This story has been updated to include comments from Illumina delivered after publication. 

NEW YORK – The European Commission said on Friday that it has adopted interim measures to police Illumina's hold-separate agreement with Grail, while regulatory challenges to the acquisition proceed on both sides of the Atlantic.

The measures include stipulations that Grail will be run by an independent hold-separate manager; prohibitions from sharing confidential business information, except when required to comply with the law or in the course of their supplier-customer relationship; an obligation by Illumina to finance additional funds for Grail's operation and development; that their business interactions take place "at arm's length, in line with industry practice, hence without unduly favoring Grail"; and for Grail to "actively work on alternative options to the transaction" in case the deal must be unwound.

They are legally binding for both Illumina and Grail, the commission said in a statement, and compliance will be monitored by a trustee to be approved by the commission. Failure to comply carries the risk of penalties of up to 5 percent of average daily revenues and fines up to 10 percent of annual global revenue.

"By implementing their merger while the commission's in-depth investigation into this transaction is still ongoing, Illumina and Grail have put at risk the effectiveness of our ex-ante merger control enforcement. This is why we are adopting today measures aiming to prevent harm to competition in the interim period until our final decision on the substance of the case is taken," Margrethe Vestager, executive VP of the commission in charge of competition policy, said in a statement. "In designing the interim measures, we made sure Grail and other companies can continue developing their innovative cancer detection technology so that it can reach patients as quickly as possible, thus saving many lives."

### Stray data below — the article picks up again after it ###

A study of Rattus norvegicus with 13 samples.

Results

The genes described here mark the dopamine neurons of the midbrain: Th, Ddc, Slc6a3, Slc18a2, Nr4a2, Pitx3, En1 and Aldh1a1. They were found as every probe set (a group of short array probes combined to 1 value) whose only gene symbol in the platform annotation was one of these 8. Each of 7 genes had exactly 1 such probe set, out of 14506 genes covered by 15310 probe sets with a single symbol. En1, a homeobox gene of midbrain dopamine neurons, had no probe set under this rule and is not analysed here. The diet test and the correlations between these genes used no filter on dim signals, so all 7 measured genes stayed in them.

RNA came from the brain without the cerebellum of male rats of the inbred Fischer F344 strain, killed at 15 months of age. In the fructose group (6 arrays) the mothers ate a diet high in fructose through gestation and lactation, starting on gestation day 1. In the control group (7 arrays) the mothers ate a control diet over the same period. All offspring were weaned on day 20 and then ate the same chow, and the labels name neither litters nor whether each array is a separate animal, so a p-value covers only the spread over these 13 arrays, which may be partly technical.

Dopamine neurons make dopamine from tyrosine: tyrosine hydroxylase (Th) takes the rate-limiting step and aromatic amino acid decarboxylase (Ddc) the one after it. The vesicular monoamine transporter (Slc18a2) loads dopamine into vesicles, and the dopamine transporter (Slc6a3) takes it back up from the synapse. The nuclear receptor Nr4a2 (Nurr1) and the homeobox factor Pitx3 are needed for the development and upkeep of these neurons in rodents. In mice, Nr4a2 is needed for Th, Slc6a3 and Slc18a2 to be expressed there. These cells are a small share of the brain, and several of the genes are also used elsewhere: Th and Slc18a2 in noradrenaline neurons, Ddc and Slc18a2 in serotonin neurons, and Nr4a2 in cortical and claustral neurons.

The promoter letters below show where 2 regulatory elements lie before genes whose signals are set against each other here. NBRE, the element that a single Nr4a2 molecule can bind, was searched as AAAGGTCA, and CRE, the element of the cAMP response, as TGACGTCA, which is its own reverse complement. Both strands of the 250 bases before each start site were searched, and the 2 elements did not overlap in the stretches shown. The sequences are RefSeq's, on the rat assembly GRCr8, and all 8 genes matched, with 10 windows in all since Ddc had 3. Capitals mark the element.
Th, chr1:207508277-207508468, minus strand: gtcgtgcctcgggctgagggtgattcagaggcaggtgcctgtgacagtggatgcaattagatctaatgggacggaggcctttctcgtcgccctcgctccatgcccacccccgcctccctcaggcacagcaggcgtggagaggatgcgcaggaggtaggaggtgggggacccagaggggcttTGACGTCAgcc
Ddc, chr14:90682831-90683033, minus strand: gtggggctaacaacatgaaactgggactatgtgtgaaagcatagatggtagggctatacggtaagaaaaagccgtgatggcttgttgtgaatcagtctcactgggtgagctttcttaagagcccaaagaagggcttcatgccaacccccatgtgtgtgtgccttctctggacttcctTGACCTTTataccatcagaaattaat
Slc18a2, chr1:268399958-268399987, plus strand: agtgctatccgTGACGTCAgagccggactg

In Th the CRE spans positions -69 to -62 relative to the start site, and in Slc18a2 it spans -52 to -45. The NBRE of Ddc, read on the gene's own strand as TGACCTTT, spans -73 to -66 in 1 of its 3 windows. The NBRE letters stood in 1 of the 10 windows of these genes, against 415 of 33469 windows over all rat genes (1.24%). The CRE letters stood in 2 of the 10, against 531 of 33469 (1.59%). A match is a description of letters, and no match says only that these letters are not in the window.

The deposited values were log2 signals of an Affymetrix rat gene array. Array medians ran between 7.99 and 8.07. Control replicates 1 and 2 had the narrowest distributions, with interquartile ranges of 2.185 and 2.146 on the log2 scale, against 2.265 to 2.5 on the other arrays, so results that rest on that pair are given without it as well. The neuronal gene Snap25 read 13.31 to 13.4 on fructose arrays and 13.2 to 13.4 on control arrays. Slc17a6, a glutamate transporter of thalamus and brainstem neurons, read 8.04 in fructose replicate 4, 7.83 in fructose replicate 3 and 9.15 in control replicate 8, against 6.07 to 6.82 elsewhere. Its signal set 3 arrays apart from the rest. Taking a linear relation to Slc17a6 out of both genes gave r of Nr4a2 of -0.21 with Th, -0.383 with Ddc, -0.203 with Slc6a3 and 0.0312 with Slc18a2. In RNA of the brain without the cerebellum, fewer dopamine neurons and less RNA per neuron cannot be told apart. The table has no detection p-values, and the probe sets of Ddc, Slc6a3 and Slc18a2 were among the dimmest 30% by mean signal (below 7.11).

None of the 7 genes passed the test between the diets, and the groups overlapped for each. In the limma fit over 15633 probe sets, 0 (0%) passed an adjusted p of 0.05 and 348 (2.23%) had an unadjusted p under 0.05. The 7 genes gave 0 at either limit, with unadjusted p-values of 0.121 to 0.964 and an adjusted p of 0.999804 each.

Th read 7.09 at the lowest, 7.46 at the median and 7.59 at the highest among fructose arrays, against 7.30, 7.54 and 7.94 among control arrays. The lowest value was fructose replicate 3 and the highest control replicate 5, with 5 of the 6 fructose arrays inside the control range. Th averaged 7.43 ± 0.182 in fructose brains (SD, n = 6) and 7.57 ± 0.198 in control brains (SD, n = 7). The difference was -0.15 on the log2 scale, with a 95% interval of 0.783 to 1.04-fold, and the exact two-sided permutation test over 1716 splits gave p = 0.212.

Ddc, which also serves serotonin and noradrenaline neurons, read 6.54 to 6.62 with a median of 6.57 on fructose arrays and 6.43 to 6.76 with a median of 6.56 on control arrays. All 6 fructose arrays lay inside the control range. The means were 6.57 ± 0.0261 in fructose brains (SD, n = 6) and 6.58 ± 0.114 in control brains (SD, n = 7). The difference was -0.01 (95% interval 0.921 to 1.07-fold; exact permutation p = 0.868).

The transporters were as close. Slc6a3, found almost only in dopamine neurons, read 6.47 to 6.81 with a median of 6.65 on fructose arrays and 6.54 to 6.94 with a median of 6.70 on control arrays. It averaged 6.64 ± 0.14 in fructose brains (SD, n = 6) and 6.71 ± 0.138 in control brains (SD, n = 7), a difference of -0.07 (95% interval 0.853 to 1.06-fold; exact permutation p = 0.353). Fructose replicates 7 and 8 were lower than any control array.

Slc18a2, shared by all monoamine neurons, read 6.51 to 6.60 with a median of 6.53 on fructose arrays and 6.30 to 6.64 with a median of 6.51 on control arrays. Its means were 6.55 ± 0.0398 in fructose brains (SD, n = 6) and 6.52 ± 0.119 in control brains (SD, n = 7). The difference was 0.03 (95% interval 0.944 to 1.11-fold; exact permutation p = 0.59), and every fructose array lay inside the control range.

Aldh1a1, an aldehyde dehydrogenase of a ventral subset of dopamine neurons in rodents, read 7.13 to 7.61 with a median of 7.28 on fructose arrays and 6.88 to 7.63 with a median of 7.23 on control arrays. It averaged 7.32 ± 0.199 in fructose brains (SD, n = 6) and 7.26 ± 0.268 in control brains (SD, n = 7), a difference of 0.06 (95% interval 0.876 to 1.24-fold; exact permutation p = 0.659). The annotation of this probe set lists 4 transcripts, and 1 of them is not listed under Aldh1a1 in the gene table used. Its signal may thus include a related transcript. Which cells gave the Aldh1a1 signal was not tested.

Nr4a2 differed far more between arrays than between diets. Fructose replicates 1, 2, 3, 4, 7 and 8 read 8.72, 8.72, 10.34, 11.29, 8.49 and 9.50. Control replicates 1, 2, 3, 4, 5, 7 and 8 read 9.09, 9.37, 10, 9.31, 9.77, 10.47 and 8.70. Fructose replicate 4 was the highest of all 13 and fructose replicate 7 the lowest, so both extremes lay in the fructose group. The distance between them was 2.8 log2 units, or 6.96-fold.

"Illumina's acquisition of GRAIL is pro-competitive and will accelerate access and adoption of life-saving technology for people around the world," an Illumina spokesperson said in an email. "While we maintain that the commission does not have jurisdiction to review this merger, we are cooperating with the commission and we are reviewing today's order. Since closing the transaction, we have upheld our voluntary hold separate commitments, which we based on the commision's model to ensure compliance with the ... process. We will continue to work constructively with the commission so that we can make the [Grail] Galleri test available to as many people as possible, as quickly as possible." Illumina had the opportunity to respond to the commission's objections both orally and in writing. The San Diego-based genomic technology company has challenged the commission's jurisdiction over the deal, arguing that the larger investigation violates the European Union's merger control regulations.

The measures follow the Commission's objection last month to Illumina's decision to close its acquisition of Grail.

Illumina officials have said in the past that they believe the hold-separate agreement was key to closing the deal while remaining in a position to ultimately abide by the outcomes of the commission's in-depth review and the US Federal Trade Commission's ongoing attempt to unwind it.

In a note to investors, analysts for Canaccord Genuity argued that the new measures "should already have been obvious to the two companies," adding that "overall, we are not concerned by the latest 'noise' from the EC."